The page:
Dividend reinvestment plans are a great way to build wealth over time. By taking the quarterly payouts that dividend-paying stocks make and reinvesting them into additional shares, dividend reinvestment plans, or Drips for short, use the power of compounding to accelerate the growth of your stock holdings. Many stocks offer Drips, but the best Drip stocks combine high levels of current income with steady growth in dividend payouts that will keep you happy for the long run. Below, we'll look at three of the most dependable Drip stocks that are shareholder-friendly while offering long-term growth potential.
Johnson & Johnson
Everyone knows Johnson & Johnson (NYSE:JNJ) and its key consumer brands, including Band-Aid bandages and pain reliever Tylenol. What many investors don't appreciate about J&J is just how strong a dividend-paying stock it has been over its history. The healthcare giant has a 54-year streak of annual dividend increases, and its current yield of 2.6% is above the current market average.
In addition, J&J has plenty of capacity for future growth. Recently, the company has focused on its pharmaceutical segment as its biggest growth driver, and blockbuster treatments like blood-cancer drug Imbruvica and type 2 diabetes fighter Invokana have plenty of promise for J&J going forward. J&J also has a sizable medical device business that is at the forefront of innovation, and consumer product releases continue to drive popular interest in the company's key brands.
J&J's dividend reinvestment plan is extremely friendly to investors, offering reinvestment of all or a portion of your dividends into additional shares of common stock without any fees or commissions. All it takes to participate is being a registered shareholder. Given its history of success and promising future, J&J makes an obvious candidate as a strong Drip stock.
3M (NYSE:MMM) is the company that brought you the Post-it Note, but the conglomerate's innovative history has helped produce the long-term profits that have made dividend investors extremely happy. 3M pays a 2.5% dividend right now, but more importantly, it has an impressive 58-year streak of giving its shareholders rising dividends each and every year. Moreover, 3M isn't stingy with its capital, having boosted its dividend by more than 8% earlier this year.
3M has also treated shareholders well with capital appreciation, with the company hitting all-time highs as investors look forward to further opportunities for growth. 3M's exposure to healthcare and consumer products helps give the company some insulation from the ups and downs of the business cycle, and that's been useful lately because of the sluggish conditions in its industrial-facing businesses over the past couple of years. In particular, a couple of promising areas include 3M's automotive products division and its production of renewable energy components, and a combination of strong auto sales and the potential for a rebound in the solar space could help push 3M higher still.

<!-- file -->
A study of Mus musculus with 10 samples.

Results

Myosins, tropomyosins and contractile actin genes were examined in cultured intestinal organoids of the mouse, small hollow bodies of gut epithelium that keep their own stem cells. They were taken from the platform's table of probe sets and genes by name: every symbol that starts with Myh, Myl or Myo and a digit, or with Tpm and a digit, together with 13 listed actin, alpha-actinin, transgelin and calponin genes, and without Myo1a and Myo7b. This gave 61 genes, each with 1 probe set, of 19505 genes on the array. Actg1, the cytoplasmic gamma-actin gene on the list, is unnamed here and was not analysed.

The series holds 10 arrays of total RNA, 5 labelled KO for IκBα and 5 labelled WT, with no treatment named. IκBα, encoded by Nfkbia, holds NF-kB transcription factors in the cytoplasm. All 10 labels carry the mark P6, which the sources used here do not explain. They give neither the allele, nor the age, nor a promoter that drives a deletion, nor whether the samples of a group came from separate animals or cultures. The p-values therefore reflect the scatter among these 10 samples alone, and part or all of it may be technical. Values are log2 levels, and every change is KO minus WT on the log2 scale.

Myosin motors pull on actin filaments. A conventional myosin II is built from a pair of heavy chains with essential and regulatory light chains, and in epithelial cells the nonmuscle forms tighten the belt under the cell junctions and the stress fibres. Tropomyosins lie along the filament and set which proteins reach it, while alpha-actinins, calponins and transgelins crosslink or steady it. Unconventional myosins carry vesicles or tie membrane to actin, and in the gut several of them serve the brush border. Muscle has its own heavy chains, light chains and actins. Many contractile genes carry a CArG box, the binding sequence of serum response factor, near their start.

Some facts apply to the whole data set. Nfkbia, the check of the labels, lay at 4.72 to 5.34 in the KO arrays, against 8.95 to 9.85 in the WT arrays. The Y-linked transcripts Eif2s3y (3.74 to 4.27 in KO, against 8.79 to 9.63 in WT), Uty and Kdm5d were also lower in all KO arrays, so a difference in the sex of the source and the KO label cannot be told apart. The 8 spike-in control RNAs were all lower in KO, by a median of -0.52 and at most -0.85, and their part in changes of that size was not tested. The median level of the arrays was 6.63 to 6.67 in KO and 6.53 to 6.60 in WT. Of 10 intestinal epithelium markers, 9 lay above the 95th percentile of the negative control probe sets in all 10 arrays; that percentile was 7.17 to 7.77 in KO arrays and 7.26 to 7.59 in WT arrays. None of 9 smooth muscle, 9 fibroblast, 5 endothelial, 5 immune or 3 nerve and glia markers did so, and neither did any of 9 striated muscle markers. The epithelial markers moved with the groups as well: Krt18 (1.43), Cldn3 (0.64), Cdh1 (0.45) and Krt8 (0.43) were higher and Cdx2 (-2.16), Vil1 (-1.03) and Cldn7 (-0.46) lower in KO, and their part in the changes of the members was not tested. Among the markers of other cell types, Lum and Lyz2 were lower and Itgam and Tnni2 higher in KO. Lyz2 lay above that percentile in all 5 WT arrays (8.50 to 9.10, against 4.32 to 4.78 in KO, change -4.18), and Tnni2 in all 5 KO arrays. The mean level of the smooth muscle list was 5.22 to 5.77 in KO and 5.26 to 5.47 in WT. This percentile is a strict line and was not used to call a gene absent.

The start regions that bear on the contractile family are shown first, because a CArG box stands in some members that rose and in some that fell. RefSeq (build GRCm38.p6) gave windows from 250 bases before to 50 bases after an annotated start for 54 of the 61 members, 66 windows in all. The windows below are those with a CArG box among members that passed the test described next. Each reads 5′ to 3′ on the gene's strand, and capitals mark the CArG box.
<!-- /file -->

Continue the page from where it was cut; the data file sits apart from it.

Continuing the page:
3M offers a dividend reinvestment plan that puts every penny of your dividend to work buying additional shares. No brokerage fees or service charges apply, and you can even send additional money to buy more 3M stock if you choose. That's a benefit that many Drips don't offer and can greatly enhance its value if 3M keeps performing well.
Supplemental insurance company Aflac (NYSE:AFL) also has a long dividend history, paying higher dividends for the past 33 years. Its 2.3% yield is the lowest of the three, but with the U.S. dollar starting to fall against the Japanese yen, Aflac's Japan exposure will turn from being a liability in recent years to being an asset in the near future.
Aflac has succeeded by offering unusual insurance products that have demonstrated value but aren't readily available from competitors. By working directly through employers, Aflac bypasses many of the restrictions that apply to major group health plan providers. At the same time, its provision of useful insurance products to Japanese customers has also been quite profitable. As demographics keep moving toward an older population, Aflac has plenty of growth potential ahead.
Aflac's Drip includes the option to purchase and sell shares through the plan, as well as allowing for the reinvestment of dividends. The plan covers the cost of administration, meaning that you avoid services charges or brokerage commissions. Aflac's track record of success has rewarded those who got into its Drip early and could continue to do so well into the future.
Reinvesting dividends can put you on the road to wealth, and these three stocks have a history of helping investors get the job done. By using Drips, you can make your investment capital work harder for you and put the power of compounding on your side.
Dan Caplinger has no position in any stocks mentioned. The Motley Fool owns shares of and recommends Johnson and Johnson. The Motley Fool recommends Aflac. Try any of our Foolish newsletter services free for 30 days. We Fools may not all hold the same opinions, but we all believe that considering a diverse range of insights makes us better investors. The Motley Fool has a disclosure policy.